Ghost guns are homemade weapons that are untraceable and don't need a background check to be acquired. They can be purchased online and can be assembled in just 15 minutes.
"The people creating, selling, and purchasing these firearms know that they’re working to circumvent common-sense gun laws that ensure guns stay out of the hands of traffickers, abusers, and convicted criminals," Pritzker said. "We are seeing these unserialized guns being built in basements by those who should never have had access to such dangerous weapons and then used to commit heinous crimes, and it must be stopped to keep Illinoisans safe."
The untraceable weapons are a growing problem across the nation. Illinois, on Wednesday, became the first state in the Midwest to make them illegal.
"Ghost guns are deadly weapons with horrifying implications," said Pritzker. "Last year, over 20,000 ghost guns were involved in criminal investigations nationwide. Tenfold increase from 2016," said Pritzker.
Ghost guns can be made at home using kits purchased online that don't require background checks.
"A child should not be able to build an AR-15 like they’re building a toy truck. A convicted domestic abuser should not be able to evade scrutiny by using a 3D printer to make a gun," said Pritzker.
Plus, ghost guns are cheaper and easier for people to access than a conventional firearm.
"It’s the largest growing seized gun in the City of Chicago in the last two years," said Supt. David Brown, Chicago Police Department.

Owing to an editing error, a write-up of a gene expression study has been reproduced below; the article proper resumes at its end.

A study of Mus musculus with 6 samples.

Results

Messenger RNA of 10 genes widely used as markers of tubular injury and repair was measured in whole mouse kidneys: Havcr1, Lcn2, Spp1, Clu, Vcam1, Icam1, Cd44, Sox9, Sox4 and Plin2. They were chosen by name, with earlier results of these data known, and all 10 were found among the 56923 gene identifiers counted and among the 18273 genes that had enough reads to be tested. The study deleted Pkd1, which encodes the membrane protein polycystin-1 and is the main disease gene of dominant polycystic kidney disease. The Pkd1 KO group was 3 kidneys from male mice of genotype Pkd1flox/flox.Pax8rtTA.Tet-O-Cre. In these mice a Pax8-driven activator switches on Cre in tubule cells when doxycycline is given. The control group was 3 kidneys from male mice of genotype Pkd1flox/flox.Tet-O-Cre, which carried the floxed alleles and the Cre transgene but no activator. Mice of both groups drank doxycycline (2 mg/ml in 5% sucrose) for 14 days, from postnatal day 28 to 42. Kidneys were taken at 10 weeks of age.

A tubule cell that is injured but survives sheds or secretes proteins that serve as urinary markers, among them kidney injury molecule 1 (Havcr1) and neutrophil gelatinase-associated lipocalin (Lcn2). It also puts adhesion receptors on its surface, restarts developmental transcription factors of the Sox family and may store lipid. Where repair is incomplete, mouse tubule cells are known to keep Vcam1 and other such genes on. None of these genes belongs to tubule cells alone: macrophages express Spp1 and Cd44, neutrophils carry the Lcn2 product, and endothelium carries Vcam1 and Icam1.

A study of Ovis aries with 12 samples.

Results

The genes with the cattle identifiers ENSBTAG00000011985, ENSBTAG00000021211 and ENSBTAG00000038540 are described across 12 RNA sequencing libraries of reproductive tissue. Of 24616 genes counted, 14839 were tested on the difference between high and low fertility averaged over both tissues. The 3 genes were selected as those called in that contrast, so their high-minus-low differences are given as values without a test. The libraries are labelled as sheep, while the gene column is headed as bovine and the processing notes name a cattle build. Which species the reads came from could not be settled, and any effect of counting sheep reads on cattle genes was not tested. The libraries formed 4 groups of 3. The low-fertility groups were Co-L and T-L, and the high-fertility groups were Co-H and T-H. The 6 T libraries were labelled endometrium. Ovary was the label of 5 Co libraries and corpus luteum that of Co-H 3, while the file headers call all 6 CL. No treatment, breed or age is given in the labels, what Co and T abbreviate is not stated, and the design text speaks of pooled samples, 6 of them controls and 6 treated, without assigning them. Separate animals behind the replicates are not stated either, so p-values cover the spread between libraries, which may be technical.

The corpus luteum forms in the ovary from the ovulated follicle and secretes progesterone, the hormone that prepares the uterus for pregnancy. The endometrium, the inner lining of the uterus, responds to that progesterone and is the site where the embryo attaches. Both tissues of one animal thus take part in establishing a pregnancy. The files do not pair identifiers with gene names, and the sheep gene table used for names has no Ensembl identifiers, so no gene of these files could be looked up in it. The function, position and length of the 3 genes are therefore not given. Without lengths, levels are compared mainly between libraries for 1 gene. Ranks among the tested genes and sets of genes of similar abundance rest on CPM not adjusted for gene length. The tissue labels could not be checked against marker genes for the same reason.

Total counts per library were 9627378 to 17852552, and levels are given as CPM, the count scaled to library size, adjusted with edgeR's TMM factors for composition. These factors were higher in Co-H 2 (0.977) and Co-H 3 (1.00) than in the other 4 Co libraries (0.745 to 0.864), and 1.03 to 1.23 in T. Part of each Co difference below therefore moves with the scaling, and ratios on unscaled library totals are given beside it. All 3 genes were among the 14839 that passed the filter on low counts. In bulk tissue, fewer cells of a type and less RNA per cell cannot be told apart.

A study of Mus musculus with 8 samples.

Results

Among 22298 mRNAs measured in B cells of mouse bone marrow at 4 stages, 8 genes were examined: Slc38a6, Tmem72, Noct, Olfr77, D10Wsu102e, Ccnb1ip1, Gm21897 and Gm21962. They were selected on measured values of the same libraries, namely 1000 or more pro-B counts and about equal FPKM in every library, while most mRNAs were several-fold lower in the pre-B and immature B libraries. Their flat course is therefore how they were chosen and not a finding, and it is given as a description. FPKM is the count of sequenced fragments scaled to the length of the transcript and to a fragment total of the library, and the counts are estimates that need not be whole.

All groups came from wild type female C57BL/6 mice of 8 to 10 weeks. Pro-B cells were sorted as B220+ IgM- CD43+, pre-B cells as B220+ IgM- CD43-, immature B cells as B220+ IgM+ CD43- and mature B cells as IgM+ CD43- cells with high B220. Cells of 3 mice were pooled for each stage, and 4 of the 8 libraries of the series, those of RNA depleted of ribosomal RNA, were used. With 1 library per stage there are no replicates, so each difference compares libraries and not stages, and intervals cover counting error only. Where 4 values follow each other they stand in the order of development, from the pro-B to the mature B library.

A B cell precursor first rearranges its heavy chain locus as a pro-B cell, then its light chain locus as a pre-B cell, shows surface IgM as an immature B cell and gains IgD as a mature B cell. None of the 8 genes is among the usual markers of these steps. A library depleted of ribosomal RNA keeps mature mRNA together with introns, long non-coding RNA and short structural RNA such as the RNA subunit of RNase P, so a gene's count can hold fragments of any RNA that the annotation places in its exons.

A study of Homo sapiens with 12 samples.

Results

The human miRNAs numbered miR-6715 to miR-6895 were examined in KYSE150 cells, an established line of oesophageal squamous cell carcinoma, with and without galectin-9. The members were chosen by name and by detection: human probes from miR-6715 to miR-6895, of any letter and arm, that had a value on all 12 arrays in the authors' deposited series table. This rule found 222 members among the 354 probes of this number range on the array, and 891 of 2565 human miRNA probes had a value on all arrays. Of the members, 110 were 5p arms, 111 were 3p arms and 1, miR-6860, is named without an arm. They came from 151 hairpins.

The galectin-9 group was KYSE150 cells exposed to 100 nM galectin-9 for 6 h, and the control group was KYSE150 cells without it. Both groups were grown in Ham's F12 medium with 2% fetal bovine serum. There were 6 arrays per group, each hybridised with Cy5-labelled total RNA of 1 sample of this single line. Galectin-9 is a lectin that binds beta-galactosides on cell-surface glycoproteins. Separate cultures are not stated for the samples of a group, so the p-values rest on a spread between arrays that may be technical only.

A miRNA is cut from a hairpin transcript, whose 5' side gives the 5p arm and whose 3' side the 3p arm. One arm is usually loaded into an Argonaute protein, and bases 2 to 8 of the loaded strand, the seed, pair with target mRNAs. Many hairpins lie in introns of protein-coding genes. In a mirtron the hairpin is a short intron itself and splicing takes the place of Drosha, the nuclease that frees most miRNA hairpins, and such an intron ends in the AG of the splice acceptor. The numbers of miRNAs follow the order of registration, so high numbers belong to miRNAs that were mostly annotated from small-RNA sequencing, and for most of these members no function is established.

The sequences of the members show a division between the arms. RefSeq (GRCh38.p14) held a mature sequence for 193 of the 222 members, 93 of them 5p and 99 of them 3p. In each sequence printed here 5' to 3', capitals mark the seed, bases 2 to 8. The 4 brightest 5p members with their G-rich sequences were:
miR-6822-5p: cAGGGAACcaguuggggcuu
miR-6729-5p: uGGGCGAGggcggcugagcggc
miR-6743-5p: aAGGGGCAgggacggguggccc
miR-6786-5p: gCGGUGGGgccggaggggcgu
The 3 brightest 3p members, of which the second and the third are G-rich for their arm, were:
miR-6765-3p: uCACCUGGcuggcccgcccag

In Chicago alone, between Jan. 1 and May 16, 2021, police recovered 95 ghost guns. In the same time frame this year, CPD has already taken 264 ghost guns off the streets.
In all of 2021, 458 ghost guns were recovered by CPD.
This month, Illinois State Police reported 28 cases involving ghost guns.
"Gov. Pritzker understands the urgent need for this law, which we pushed for to address the proliferation of these guns that criminals increasingly use to avoid accountability for the violence they inflict upon our communities," Cook County Sheriff Tom Dart said.
Over the weekend, Dart said deputies recovered two ghost guns when they stopped a car on Michigan Avenue.
Also last weekend, when a large and chaotic crowd gathered in Millennium Park, seven guns were recovered by Chicago police – one of them was a ghost gun.
"And trust me, these guns are not being used by collectors," said Dart. "They’re being used by people who we routinely pull over in the middle of a criminal act, and are finding these guns on them."
Earlier this month, an Oak Park and River Forest High School student was charged for bringing a loaded ghost gun to school.
"Cracking down on unregistered firearms is an essential step to putting an end to the epidemic of gun violence in our state," said the bill's chief co-sponsor State Rep. Kam Buckner, who is also running to become the city's next mayor. "Make no mistake, the only people who need their guns to be untraceable are people planning to commit crimes."
Local activists, like Delphine Cherry, who lost two of her children to gun violence, said they believe this is a step in the right direction.
"I believe this law will save lives," said Cherry. "It breaks my heart to see other mothers go through what I went through," said Cherry.